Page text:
David Stern, the NBA commissioner during the most successful period in league history, has died, the league announced Wednesday. He was 77.
Stern died as a result of the brain hemorrhage he suffered three weeks ago. His wife, Dianne, and their family were with him at his bedside, the NBA said.
“For 22 years, I had a courtside seat to watch David in action. He was a mentor and one of my dearest friends,” NBA commissioner Adam Silver said in a statement. “We spent countless hours in the office, at arenas and on planes wherever the game would take us. Like every NBA legend, David had extraordinary talents, but with him it was always about the fundamentals — preparation, attention to detail, and hard work.
“David took over the NBA in 1984 with the league at a crossroads. But over the course of 30 years as Commissioner, he ushered in the modern global NBA. He launched groundbreaking media and marketing partnerships, digital assets and social responsibility programs that have brought the game to billions of people around the world. Because of David, the NBA is a truly global brand, making him not only one of the greatest sports commissioners of all time but also one of the most influential business leaders of his generation.
“Every member of the NBA family is the beneficiary of David’s vision, generosity and inspiration. Our deepest condolences go out to David’s wife, Dianne, their sons, Andrew and Eric, and their extended family, and we share our grief with everyone whose life was touched by him.”
Stern was commissioner for three decades and shepherded the league into the global market. He helped expand the game on the backbone of the NBA’s star players, highlighted by the Dream Team’s impact at the 1992 Olympics.
The NBA itself grew under Stern. Seven teams joined the league, and six relocated. Stern also helped in the creation of the WNBA, which had its inaugural season in 1997, and the NBA Development League, now known as the G League, providing countless opportunities for players to pursue careers playing basketball in the United States that previously weren’t available.
“We are deeply saddened by the passing of NBA Commissioner Emeritus David Stern. The WNBA will be forever grateful for his exemplary leadership and vision that led to the founding of our league,” WNBA commissioner Cathy Engelbert said in a statement. “His steadfast commitment to women’s sports was ahead of its time and has provided countless opportunities for women and young girls who aspire to play basketball. He will be missed.”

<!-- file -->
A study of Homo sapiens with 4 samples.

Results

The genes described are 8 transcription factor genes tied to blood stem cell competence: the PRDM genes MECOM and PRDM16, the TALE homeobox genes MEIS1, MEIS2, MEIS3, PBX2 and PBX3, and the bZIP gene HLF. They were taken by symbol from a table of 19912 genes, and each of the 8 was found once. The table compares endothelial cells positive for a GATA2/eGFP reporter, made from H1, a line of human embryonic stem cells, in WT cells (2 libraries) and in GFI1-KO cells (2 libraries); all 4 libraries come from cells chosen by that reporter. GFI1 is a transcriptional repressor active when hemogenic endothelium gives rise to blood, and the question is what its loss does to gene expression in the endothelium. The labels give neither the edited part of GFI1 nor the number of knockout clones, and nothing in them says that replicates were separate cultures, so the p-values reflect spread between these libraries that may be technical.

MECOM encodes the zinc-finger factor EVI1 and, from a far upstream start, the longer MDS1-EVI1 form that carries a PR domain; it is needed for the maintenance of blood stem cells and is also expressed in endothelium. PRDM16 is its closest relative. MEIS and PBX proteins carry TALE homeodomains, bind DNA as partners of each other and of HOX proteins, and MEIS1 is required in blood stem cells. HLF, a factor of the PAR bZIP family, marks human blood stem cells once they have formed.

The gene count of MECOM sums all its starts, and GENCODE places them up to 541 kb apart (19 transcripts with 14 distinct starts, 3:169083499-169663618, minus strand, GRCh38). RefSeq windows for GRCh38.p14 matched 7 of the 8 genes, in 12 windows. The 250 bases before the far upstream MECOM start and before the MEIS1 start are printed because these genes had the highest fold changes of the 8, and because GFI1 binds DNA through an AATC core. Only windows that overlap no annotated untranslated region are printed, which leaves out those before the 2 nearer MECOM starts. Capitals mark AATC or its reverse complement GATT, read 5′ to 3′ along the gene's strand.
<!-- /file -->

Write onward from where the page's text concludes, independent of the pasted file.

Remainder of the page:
Stern’s tenure overlapped with two of basketball’s all-time greats, Michael Jordan and LeBron James. Stern became commissioner in February 1984, the year Jordan entered the league. Stern stepped down from his post three decades later in 2014, the year after James won his second NBA title.
James paid tribute to Stern on Instagram, writing in part, “Thank you for your commitment to the beautiful game of basketball that has changed so many young adult/kids lives and more importantly your vision to make our game become WORLDWIDE was a vision only you could make happen! You did just that. Making our game the greatest sport in the world!”
Jordan, owner of the Charlotte Hornets, echoed those sentiments.
“Without David Stern, the NBA would not be what it is today. He guided the league through turbulent times and grew the league into an international phenomenon, creating opportunities that few could have imagined before,” Jordan said in a statement. “His vision and leadership provided me with the global stage that allowed me to succeed. David had a deep love for the game of basketball and demanded excellence from those around him — and I admired him for that. I wouldn’t be where I am without him. I offer my deepest sympathies to Dianne and his family.”
Stern and the NBA also endured labor strife over the years. The first four lockouts in NBA history occurred with Stern as commissioner. The 1995 and 1996 lockouts did not result in lost games, but lockouts in 1998 and 2011 led to regular seasons that were shortened to 50 and 66 games, respectively.
Information from ESPN’s Ohm Youngmisuk and The Associated Press was used in this report.